From Napkins to Integration, Developing a Culture of Innovation

Mark Cone, SmithGroupJJR, Inc.
Robert Thompson, SmithGroupJJR, Inc.

Many projects begin as a series of simple sketches. For architecture, the building design draws its inspiration from surrounding spaces, building program requirements, usage patterns, and the client's vision for the facility. For engineering, systems are selected based on the local climate, code requirements, space usage and flexibility, and the client's performance goals (above code minimum requirements). Integration occurs when the inputs from these various parties are brought together to create a common vision for the project.

A key aspect of successful integration and innovation is active listening. Each of these inputs is a key to creating the right solution for each facility. These inputs can then be ranked based on the value they give to the project. Integrated building solutions incorporate as many of these inputs as possible to maximize the benefits to the project and ultimately the client. The foundations for innovation are often laid through repeated efforts at systems integration. Innovation for engineering can also come from other sources.

With the increased performance requirements of ASHRAE 90.1, and a renewed focus on sustainability and energy efficiency from building owners, traditional approaches to systems design may find themselves just meeting or falling short of program requirements. Exceeding these performance and design goals requires an in depth knowledge of the environment, a culture of innovation, and a commitment to carry that vision forward. Innovation brings together complementary local resources to maximize the performance of building systems.

The culture of the team determines to a large extent how successful the project integration will be. It requires a balanced team that is open to new ideas and values the opinions of others, and together sets a common vision for the future of the project. Similarly, innovation requires a focus on the available resources, and always looks to improve upon the ideas that came before. This presentation will highlight the process of integration that enabled a path forward for innovative design solutions at the National Renewable Energy Laboratory's (NREL) Energy Systems Integration Facility (ESIF).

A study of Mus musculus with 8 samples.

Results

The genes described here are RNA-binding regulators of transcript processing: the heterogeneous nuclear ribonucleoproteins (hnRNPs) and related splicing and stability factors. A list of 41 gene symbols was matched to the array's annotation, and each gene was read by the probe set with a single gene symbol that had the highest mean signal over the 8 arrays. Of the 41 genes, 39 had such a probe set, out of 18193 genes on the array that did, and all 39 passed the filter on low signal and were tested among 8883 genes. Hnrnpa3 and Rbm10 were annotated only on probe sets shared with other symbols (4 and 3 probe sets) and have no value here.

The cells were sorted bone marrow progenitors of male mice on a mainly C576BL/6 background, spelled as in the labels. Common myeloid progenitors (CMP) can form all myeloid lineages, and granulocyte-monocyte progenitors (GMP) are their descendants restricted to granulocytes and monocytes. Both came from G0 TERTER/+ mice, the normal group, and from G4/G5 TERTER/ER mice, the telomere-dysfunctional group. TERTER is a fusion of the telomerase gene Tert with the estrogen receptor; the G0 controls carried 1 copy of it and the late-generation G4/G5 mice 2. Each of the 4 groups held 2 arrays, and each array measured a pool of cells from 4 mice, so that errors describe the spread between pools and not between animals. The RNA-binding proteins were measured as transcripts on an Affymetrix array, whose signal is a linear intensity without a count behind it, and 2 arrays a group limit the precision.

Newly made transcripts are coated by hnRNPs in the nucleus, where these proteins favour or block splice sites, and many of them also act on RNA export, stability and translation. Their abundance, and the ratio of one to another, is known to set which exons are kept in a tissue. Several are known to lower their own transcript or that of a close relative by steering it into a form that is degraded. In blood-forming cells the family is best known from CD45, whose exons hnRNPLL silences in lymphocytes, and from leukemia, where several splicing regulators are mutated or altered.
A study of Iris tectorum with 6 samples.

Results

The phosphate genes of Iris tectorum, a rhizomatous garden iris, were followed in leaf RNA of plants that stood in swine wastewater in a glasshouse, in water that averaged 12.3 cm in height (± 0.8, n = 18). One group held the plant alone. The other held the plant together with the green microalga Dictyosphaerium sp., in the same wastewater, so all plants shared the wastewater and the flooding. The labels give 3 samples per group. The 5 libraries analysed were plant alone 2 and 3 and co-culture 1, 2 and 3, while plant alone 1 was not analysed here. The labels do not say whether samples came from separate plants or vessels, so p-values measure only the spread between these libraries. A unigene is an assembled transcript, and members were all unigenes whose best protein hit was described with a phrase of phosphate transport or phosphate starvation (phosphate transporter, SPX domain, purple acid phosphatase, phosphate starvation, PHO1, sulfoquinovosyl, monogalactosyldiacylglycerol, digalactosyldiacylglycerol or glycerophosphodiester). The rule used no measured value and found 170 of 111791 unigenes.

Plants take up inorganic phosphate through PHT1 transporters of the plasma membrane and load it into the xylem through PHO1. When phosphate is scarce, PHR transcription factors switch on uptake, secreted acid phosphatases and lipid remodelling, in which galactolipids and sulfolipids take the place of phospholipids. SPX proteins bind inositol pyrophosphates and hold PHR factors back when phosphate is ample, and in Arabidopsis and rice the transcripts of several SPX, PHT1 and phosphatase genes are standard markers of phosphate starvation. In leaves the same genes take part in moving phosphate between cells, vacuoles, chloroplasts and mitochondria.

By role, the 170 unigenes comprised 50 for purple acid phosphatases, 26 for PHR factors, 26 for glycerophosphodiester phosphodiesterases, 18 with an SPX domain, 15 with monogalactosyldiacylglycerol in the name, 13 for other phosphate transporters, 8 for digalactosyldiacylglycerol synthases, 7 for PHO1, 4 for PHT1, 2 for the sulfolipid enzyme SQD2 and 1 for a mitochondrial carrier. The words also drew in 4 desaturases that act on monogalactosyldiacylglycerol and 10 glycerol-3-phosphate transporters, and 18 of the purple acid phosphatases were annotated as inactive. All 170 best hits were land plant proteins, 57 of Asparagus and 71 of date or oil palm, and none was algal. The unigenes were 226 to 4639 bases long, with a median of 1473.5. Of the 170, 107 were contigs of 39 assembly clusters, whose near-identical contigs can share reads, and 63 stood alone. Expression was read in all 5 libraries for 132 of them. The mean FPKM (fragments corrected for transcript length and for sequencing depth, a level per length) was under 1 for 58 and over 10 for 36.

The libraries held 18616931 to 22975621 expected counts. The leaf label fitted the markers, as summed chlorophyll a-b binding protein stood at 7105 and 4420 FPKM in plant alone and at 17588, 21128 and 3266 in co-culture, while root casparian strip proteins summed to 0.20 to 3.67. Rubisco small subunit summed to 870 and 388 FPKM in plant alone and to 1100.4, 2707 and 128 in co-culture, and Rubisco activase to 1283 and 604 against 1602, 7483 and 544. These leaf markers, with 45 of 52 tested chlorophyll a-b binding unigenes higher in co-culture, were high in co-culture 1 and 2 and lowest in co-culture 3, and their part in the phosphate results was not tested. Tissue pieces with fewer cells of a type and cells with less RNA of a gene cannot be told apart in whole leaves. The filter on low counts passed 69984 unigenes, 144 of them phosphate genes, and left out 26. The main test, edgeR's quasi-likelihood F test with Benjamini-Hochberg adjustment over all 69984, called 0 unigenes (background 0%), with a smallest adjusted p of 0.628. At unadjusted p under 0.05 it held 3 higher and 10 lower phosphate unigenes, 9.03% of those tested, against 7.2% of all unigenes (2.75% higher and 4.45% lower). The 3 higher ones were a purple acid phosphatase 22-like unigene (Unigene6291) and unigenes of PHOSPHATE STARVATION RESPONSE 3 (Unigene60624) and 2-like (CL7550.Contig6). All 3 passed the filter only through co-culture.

Learning Objectives

  • Learn why active listening is essential to defining the inputs needed to lay a foundation for building integration, and the innovation that follows.
  • Understand the process of interdisciplinary workshops, and how they are a core component in developing successful building integration.
  • Identify the resources, from local climate models to building program elements that inform integration and establish a path forward for innovation.
  • Learn how continual system development led to innovative system solutions, and how it continues to enhance building performance today.


Mark S. Cone is a Registered Architect at SmithGroupJJR, with a focus in on design, interdisciplinary coordination, documentation and construction administration of research and technology facilities. His recent work includes National Renewable Energy Laboratory Energy Systems Integration Facility, Defense POW/MIA Accounting Agency CONUS Annex and the National Institute of Standards and Technology, Bldg. One renovation.

Robert Thompson is a Registered Professional Engineer & Chief Mechanical Engineer for Science & Technology. Robert's designs focus on the environmental design specifics that influence the energy & sustainable performance of buildings. His recent work includes National Renewable Energy Laboratory's ESIF & S&TF facilities; JPAC Forensic Identification Facilities, and the Denver Crime Lab. Mr. Thompson is a member of ASHRAE, and has published articles for the ASHRAE Journal and 7x24 Exchange Magazine.